Just walking around in the woods looking for shed deer antlers is a low-percentage deal. Concentrate your efforts in these 5 areas to up your odds of owning more bone
By Bernie Barringer
The link between where you are likely to find a buck’s shed antlers and where you are likely to shoot that buck in the fall is way overrated. In the winter when the antlers are dropping, the buck’s life revolves around food and cover. These are the keys to where he spends his time. If you are going to find his sheds, these areas are where you should concentrate your efforts.
Winter is a rough time for whitetail bucks. They are run down from the rigors of the rut and they need energy to fight off the cold. Foods high in carbohydrates provide quick energy and can easily be stored as fat. The buck’s stomach tells him what he needs to eat and he seeks it out. Corn and soybeans are buck magnets in the winter for this very reason. Find the right foods and you’ll find where the deer are concentrated.
When the snow gets deep, food can be hard to find, but the tops of hills provide areas where the snow is blown off and the food is easier to access. This is where the deer will feed. My first set of matching Boone & Crockett sheds were found 200 yards apart; one on top of a windblown hill in soybean stubble and the other in thick cover at the edge of the field.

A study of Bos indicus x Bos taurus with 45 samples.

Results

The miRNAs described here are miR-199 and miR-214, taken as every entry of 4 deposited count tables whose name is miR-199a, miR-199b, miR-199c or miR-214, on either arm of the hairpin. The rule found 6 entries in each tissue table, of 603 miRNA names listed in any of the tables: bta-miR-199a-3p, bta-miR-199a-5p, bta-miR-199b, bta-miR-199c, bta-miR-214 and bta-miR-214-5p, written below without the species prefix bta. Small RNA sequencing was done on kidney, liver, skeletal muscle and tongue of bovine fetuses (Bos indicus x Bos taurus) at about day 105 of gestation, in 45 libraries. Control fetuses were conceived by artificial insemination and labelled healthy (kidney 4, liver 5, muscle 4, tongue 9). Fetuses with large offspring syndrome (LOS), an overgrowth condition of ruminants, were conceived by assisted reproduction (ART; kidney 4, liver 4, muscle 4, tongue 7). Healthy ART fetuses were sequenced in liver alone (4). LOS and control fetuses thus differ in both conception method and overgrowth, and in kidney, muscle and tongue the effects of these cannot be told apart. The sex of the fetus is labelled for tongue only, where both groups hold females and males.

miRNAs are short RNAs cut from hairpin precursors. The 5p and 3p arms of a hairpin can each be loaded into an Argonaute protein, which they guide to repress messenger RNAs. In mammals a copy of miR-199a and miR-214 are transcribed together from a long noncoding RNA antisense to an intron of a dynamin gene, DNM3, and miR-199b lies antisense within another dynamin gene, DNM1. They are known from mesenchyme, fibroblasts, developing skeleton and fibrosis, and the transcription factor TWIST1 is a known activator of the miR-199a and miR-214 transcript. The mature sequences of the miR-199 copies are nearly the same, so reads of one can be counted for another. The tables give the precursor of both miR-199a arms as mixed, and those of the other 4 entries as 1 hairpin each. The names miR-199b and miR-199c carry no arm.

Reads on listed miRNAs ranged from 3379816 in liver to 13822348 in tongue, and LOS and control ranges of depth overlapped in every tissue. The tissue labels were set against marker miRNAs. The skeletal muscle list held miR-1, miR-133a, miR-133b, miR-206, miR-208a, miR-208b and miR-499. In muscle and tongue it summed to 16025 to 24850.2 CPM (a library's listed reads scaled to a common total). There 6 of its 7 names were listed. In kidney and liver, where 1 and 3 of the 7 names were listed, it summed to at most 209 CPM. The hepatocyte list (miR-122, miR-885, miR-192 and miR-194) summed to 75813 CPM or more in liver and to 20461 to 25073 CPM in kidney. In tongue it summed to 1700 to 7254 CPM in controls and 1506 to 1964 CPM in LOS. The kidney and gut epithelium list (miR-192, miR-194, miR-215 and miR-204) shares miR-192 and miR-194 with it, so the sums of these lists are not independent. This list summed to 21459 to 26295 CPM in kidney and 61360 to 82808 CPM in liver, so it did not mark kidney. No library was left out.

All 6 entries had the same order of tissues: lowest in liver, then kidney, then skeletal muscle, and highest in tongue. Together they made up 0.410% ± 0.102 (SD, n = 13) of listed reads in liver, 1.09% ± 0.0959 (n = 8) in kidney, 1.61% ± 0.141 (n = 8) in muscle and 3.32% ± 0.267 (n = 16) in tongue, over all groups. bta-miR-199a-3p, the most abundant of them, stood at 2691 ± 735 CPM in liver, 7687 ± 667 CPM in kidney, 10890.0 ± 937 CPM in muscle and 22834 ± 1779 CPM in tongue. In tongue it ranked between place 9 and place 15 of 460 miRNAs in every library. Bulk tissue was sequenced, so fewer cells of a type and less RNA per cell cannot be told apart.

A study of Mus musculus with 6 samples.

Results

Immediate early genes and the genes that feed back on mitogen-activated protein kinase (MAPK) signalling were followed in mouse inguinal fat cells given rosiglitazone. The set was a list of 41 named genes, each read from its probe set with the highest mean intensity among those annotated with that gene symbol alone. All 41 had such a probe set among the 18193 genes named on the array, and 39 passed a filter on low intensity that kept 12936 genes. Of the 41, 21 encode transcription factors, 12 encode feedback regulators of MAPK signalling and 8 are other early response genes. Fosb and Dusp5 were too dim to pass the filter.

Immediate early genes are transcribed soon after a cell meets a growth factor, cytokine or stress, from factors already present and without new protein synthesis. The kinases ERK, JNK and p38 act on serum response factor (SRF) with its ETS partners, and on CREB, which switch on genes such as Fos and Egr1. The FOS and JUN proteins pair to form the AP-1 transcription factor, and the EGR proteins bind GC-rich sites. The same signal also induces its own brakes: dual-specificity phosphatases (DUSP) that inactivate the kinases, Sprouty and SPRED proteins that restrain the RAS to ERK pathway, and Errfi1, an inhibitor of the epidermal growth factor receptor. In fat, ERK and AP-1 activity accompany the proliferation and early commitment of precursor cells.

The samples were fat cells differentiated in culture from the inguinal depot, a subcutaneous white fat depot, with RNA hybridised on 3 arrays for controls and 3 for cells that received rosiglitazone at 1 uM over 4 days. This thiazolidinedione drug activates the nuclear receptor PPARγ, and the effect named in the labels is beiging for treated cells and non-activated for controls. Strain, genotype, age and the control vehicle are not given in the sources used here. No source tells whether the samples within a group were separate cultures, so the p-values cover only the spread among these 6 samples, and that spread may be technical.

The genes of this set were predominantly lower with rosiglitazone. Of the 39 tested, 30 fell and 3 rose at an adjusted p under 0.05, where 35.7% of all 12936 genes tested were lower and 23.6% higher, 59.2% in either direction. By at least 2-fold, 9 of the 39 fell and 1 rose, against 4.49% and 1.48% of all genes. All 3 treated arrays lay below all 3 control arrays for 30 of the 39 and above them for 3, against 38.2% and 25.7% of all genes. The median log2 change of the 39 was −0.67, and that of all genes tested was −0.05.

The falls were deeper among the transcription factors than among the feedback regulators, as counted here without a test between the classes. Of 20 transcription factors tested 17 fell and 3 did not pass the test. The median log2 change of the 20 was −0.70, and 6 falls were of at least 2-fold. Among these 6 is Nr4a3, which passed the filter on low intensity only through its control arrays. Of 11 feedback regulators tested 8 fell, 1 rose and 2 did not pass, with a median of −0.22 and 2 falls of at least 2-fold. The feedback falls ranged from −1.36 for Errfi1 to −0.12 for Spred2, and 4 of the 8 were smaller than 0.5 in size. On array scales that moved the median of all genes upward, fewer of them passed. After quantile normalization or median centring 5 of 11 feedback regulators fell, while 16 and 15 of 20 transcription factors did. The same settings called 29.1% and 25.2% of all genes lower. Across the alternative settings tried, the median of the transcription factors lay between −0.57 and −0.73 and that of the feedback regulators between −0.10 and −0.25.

Thermal Bedding Cover
I divide the bedding areas into two categories, the first is thermal cover and it’s usually the snarliest, nasty thicket with a quarter mile of the food source. This is where the deer bed when the weather is windy, the snow is blowing or it’s overcast. Thermal bedding cover is often in creek bottoms where the deer can get out of the elements.
Solar Bedding Cover
Solar Cover is the type of bedding area the deer will use on sunny days. The southern slopes of hills with open canopy of trees provide them with a place they can see in front of them and smell what’s behind them. They will lie in the openings where the sun’s warming rays can hit them. As the sun moves across the sky they will get up and move out of the shade. The more they move, the more they are likely to drop an antler. South slopes experience earlier snowmelt, allowing the shed hunter a chance to go picking when snow is still covering other areas.
The fifth spot seems obvious at first; the deer bed and the deer feed, so look to the trails where these areas connect. But there are high-percentage spots even on the trails. Some of my most consistent shed producers are where the deer leap over a ditch, and where the jump the fences surrounding crop fields. This can be just what it takes to jar a loose antler completely off. Areas with heavy overhanging cover can be hotspots for bone collecting too.
Pay attention to where the deer are spending most of their time in the winter, and spend your time looking in these places. You’ll find more antlers per mile by doing so.